James Murdoch Set to Acquire Large Stake in Art Basel Fairs


Investment from Mr. Murdoch’s company, Lupa Systems, will help transform the company from a traditional events business into one focused on “future-oriented platforms and communities,” M.C.H. said in a statement on Friday.

If the move is approved at a meeting on Aug. 3, Mr. Murdoch’s company will own about one-third of M.C.H.’s shares, rising to a possible 44 percent controlling stake later, the statement added.

Founded in 1970 by three gallerists in the Swiss city, Art Basel has grown into the world’s biggest and most prestigious international art fair business. Its flagship event in Basel in June, which last year attracted 93,000 visitors, has become the centerpiece of Europe’s summer art market calendar. Art Basel Hong Kong, typically held in March, has enabled Western dealers to significantly expand the market for international contemporary art in Asia. And Art Basel Miami Beach has gained a reputation for attracting the hippest American collectors and works by the hottest new artists.

But M.C.H. has faced a challenging year. The 2020 and 2021 editions of its Baselworld watch fair — for years the company’s highest-grossing event — were canceled because of an exodus of key exhibitors. The coronavirus pandemic led to the cancellation of the Hong Kong and Swiss editions of Art Basel, though they continued as online-only events. An in-person gathering for Art Basel Miami Beach, scheduled for December, remains in doubt.

Sales losses in the region of about $138 million to $180 million were predicted for this year in the company’s 2019 annual report, which was released in March.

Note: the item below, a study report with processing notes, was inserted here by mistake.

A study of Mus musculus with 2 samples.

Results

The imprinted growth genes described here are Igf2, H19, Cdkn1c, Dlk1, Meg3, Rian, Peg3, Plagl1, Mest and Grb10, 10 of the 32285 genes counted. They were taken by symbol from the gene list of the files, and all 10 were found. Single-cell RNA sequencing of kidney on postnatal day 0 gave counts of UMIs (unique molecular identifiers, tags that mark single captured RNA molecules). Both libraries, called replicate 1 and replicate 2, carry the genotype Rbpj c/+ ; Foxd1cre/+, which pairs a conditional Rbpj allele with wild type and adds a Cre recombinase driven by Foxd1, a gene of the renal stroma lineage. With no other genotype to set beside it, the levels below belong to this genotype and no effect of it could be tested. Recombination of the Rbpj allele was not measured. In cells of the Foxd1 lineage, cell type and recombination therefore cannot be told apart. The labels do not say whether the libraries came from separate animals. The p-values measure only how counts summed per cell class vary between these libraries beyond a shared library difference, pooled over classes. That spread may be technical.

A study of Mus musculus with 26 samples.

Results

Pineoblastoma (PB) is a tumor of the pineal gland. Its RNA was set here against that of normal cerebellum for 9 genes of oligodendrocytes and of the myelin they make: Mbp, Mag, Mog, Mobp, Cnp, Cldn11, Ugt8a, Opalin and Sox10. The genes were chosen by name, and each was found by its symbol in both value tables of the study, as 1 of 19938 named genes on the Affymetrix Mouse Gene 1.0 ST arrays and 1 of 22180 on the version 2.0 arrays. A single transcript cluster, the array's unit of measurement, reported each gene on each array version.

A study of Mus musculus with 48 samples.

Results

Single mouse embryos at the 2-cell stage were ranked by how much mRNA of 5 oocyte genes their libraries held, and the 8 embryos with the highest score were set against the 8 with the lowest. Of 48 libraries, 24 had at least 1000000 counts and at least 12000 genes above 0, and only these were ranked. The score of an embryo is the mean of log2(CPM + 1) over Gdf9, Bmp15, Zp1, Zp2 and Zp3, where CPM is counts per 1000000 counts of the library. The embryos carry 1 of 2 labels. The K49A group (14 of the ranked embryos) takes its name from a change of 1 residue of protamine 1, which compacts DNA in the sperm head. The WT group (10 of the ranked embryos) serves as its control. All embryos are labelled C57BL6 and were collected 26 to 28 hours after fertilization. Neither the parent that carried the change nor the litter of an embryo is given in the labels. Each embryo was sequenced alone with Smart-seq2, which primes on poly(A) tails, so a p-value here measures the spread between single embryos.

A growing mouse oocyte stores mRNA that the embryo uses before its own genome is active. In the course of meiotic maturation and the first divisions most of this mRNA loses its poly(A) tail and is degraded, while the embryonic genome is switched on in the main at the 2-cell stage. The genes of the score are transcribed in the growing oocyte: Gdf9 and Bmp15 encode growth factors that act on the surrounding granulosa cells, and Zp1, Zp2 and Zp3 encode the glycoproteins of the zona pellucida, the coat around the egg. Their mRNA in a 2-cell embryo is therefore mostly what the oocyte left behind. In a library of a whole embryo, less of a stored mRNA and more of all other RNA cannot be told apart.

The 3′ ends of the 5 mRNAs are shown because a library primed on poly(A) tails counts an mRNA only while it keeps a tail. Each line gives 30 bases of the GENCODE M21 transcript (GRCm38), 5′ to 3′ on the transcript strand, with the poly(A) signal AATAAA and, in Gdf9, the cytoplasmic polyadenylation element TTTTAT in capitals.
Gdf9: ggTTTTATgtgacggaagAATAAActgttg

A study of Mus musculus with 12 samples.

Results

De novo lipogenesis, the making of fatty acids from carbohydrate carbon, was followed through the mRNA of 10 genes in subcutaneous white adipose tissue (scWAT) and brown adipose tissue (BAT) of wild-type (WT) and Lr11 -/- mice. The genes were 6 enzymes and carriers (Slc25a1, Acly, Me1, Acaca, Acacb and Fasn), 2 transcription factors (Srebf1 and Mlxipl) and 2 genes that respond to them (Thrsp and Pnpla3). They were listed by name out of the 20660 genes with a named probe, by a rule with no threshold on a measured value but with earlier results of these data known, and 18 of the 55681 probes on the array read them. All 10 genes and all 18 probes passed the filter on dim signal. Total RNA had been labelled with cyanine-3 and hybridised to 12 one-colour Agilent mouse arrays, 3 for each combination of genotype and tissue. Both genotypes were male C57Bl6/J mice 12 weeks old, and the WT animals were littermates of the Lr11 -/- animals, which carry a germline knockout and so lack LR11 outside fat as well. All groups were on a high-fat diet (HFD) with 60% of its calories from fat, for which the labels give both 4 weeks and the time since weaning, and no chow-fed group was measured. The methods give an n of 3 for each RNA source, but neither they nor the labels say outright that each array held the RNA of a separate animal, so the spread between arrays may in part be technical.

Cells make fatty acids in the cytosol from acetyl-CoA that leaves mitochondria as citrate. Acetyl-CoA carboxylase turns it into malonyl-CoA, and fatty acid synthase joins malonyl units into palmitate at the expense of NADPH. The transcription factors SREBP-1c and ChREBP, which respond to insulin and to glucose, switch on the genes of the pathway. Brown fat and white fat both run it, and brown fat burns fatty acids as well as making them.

The statement on Friday added that M.C.H. will propose to shareholders a “comprehensive set of measures” to restructure its debt, including an injection of about $111 million, mostly from Mr. Murdoch’s company.

The Canton of Basel-Stadt, the administrative region that is home to the city of Basel, is currently M.C.H.’s largest shareholder, at 33.5 percent, and other Swiss regions own smaller percentages. But those public-sector shareholders have agreed to step back and allow Mr. Murdoch’s privately held Lupa Systems to become the largest, the statement added.

Marc Spiegler, Art Basel’s global director, said in a statement that approval of the proposed measures would “put the group on firm financial footing for the foreseeable future.”

He also praised Lupa Systems’ “valuable expertise and networks in technology, digitalization and the broader cultural sphere.”

Mr. Murdoch’s private investment company was founded in 2019 after his family’s $71.3 billion sale of 21st Century Fox, where he was chief executive. With offices in New York and in Mumbai, India, Lupa has bought stakes in a range of tech-savvy media companies, including Vice, the news platform aimed at millennials, and Morning Consult, a data intelligence company.

Mr. Murdoch is also a director of the Dia Art Foundation in New York and a former director of Sotheby’s.

Lupa’s commitment to M.C.H. is the latest significant investment by a global media business in international art fairs. In 2016, the Hollywood-based William Morris Endeavor Entertainment acquired a major stake in the Frieze Art Fair, which has editions in London, New York and Los Angeles.

“It will certainly give some certainty to M.C.H. after a very difficult year,” said Robert Read, the head of art and private clients at Hiscox, a leading specialist in art insurance, based in London.

“The most fascinating part will be seeing what they mean by ‘future-orientated platforms and communities,’” he said. “That is the crux of the issue.”